Thursday, December 10, 2009

How to Save the World by Recycling Your Sex Toys

Environmentalists are rapidly depleting the world’s reserves of humour, says Noel O’Hare, the author of a new book "How to Save the World by Recycling Your Sex Toys".

There’s a real danger than humour will vanish entirely from the planet as greenies become a dominant force in global politics,” he warns. He was speaking a week ahead of the Climate Change Conference in Copenhagen.

"Greenies are so earnest and preachy that they are turning people off. Even if what they're saying is true, no one likes to be scolded and told what to do. For the sake of the planet they need to lighten up."

Environmentalists often use scare tactics to sell the green message whereas humour might be more effective, says O’Hare. “As comedian John Cleese once put it, ‘If I can get you to laugh with me, you like me better, which makes you open to my ideas’.”

Noel O'Hare says he is trying to do his bit with his new book. 'How to Save the World by Recycling Your Sex Toys' (New Holland Publishers, RRP $19.99) is a fierce and funny satire on green worriers.

The author’s alter ego eco guru Dr Green acts as ‘agony aunt’ replying to bizarre and deliciously cheeky questions from guilt-ridden greenies.

Can you harness your kids’ energy to reduce your power consumption? Will a solar-powered vibrator soothe your eco rage? Can your artificial hip be recycled when you die? Should you join the Voluntary Human Extinction Movement?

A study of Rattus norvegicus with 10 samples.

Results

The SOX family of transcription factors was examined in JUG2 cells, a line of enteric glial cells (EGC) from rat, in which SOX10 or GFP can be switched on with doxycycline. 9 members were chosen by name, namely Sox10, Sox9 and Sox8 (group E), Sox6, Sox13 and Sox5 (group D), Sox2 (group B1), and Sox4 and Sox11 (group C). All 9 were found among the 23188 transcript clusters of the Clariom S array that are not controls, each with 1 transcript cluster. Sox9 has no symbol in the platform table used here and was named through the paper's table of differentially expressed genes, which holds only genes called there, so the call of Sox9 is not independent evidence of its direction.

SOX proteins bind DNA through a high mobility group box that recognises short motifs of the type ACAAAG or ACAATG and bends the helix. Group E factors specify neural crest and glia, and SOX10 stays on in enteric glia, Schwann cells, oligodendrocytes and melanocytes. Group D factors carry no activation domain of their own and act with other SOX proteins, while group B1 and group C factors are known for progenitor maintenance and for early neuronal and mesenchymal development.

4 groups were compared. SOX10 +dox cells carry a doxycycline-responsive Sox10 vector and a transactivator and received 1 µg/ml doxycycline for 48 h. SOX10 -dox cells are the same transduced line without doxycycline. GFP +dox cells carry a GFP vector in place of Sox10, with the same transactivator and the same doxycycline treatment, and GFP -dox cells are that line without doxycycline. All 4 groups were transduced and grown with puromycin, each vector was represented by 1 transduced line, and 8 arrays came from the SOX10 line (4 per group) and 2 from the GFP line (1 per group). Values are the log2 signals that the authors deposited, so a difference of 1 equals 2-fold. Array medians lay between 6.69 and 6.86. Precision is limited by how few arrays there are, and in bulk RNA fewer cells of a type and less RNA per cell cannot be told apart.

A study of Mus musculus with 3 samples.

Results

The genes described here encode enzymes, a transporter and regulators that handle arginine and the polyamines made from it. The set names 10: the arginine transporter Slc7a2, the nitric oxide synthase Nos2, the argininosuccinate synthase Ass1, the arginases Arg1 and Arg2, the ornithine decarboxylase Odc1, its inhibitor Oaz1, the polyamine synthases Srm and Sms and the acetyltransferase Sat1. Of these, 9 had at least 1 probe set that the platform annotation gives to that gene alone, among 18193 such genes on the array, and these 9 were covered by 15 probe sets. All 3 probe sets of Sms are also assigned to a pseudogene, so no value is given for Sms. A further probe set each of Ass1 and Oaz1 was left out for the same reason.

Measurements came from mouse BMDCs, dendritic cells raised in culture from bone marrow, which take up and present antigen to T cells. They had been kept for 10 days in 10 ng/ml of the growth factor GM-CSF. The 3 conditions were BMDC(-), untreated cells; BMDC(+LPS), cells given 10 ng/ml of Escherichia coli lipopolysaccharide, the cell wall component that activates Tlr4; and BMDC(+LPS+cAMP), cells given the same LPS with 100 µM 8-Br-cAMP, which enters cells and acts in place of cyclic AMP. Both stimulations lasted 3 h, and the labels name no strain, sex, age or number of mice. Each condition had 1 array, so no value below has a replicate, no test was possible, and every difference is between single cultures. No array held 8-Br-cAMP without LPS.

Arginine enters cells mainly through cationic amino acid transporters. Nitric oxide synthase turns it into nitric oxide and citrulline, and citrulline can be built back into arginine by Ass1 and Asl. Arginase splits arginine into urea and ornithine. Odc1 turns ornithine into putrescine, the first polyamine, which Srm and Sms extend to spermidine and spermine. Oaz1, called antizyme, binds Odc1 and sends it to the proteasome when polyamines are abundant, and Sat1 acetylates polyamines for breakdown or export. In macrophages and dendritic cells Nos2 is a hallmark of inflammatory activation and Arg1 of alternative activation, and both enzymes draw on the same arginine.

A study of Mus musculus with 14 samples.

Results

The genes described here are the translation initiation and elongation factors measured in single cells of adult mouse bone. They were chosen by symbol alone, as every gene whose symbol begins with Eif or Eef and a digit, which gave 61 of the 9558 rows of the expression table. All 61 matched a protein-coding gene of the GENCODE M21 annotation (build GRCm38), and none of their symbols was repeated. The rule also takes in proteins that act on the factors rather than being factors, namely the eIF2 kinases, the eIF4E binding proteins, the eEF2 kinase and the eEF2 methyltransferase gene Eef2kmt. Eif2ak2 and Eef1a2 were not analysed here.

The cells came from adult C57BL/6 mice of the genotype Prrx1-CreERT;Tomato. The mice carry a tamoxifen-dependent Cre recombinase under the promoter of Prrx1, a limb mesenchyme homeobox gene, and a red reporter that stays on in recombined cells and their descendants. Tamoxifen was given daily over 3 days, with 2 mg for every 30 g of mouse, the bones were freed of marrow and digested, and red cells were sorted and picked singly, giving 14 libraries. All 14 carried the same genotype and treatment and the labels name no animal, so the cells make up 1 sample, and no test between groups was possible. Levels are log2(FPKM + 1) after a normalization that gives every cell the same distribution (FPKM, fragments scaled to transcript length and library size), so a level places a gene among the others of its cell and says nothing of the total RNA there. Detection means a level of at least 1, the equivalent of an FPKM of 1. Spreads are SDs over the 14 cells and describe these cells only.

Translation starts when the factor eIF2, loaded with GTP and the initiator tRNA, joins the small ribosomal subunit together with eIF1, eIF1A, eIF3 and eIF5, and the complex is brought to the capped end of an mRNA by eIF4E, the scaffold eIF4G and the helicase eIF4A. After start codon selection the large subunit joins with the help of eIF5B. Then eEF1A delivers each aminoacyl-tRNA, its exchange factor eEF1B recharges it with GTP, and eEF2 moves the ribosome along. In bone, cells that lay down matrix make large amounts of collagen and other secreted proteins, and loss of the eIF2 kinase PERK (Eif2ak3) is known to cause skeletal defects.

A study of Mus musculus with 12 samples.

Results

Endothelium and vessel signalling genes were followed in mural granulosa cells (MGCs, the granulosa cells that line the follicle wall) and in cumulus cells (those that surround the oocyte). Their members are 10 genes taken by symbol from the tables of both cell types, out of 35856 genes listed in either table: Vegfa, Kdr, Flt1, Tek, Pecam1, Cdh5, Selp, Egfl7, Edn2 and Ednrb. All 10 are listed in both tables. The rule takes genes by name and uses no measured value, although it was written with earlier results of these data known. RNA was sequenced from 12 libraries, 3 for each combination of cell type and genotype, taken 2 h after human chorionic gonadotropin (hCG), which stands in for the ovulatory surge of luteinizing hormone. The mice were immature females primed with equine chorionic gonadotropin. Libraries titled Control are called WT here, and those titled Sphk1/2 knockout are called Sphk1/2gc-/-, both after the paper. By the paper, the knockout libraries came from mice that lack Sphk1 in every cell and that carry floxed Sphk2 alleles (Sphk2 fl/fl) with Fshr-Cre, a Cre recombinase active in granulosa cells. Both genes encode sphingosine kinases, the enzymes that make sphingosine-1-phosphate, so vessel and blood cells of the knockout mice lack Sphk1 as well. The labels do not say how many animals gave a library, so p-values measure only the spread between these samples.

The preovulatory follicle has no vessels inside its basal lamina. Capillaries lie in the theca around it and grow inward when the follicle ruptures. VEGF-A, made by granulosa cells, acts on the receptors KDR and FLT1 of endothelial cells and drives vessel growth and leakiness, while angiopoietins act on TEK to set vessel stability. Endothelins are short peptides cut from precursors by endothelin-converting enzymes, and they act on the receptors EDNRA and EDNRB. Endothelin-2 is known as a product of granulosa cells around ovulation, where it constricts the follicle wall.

“Unless we keep replenishing the world’s supply of humour we could end as po-faced as the puritans of the 17th century.”

“We’re going to need all the good humour we can muster to get through the next few years of the global warming crisis.”

About the author:
Noel O'Hare is a freelance journalist, columnist, blogger and author. Northern Ireland-born, Noel has lived and worked in New Zealand since the early 1970s. In the 1980s he became a staff writer for the New Zealand Listener magazine and has written many award-winning features on subjects as diverse as reading, tantric sex, diet, mental illness and alternative therapies.

In 1994 he won the Senior Feature Writer of the Year in the Qantas Media Awards. He has won several Bravo Awards from New Zealand Skeptics for his articles on false memory syndrome and psychics. He has twice been awarded Media Travel Grants by the Asia 2000 (now Asia:NZ) Foundation to travel in, and write features, on Indonesia, Singapore and Hong Kong.

He was awarded a 2003-2004 Rosalynn Carter Fellowship for Mental Health Journalism Fellowship to write articles on mental health, in particular about the effects of migration on mental health. He is currently working on his first novel.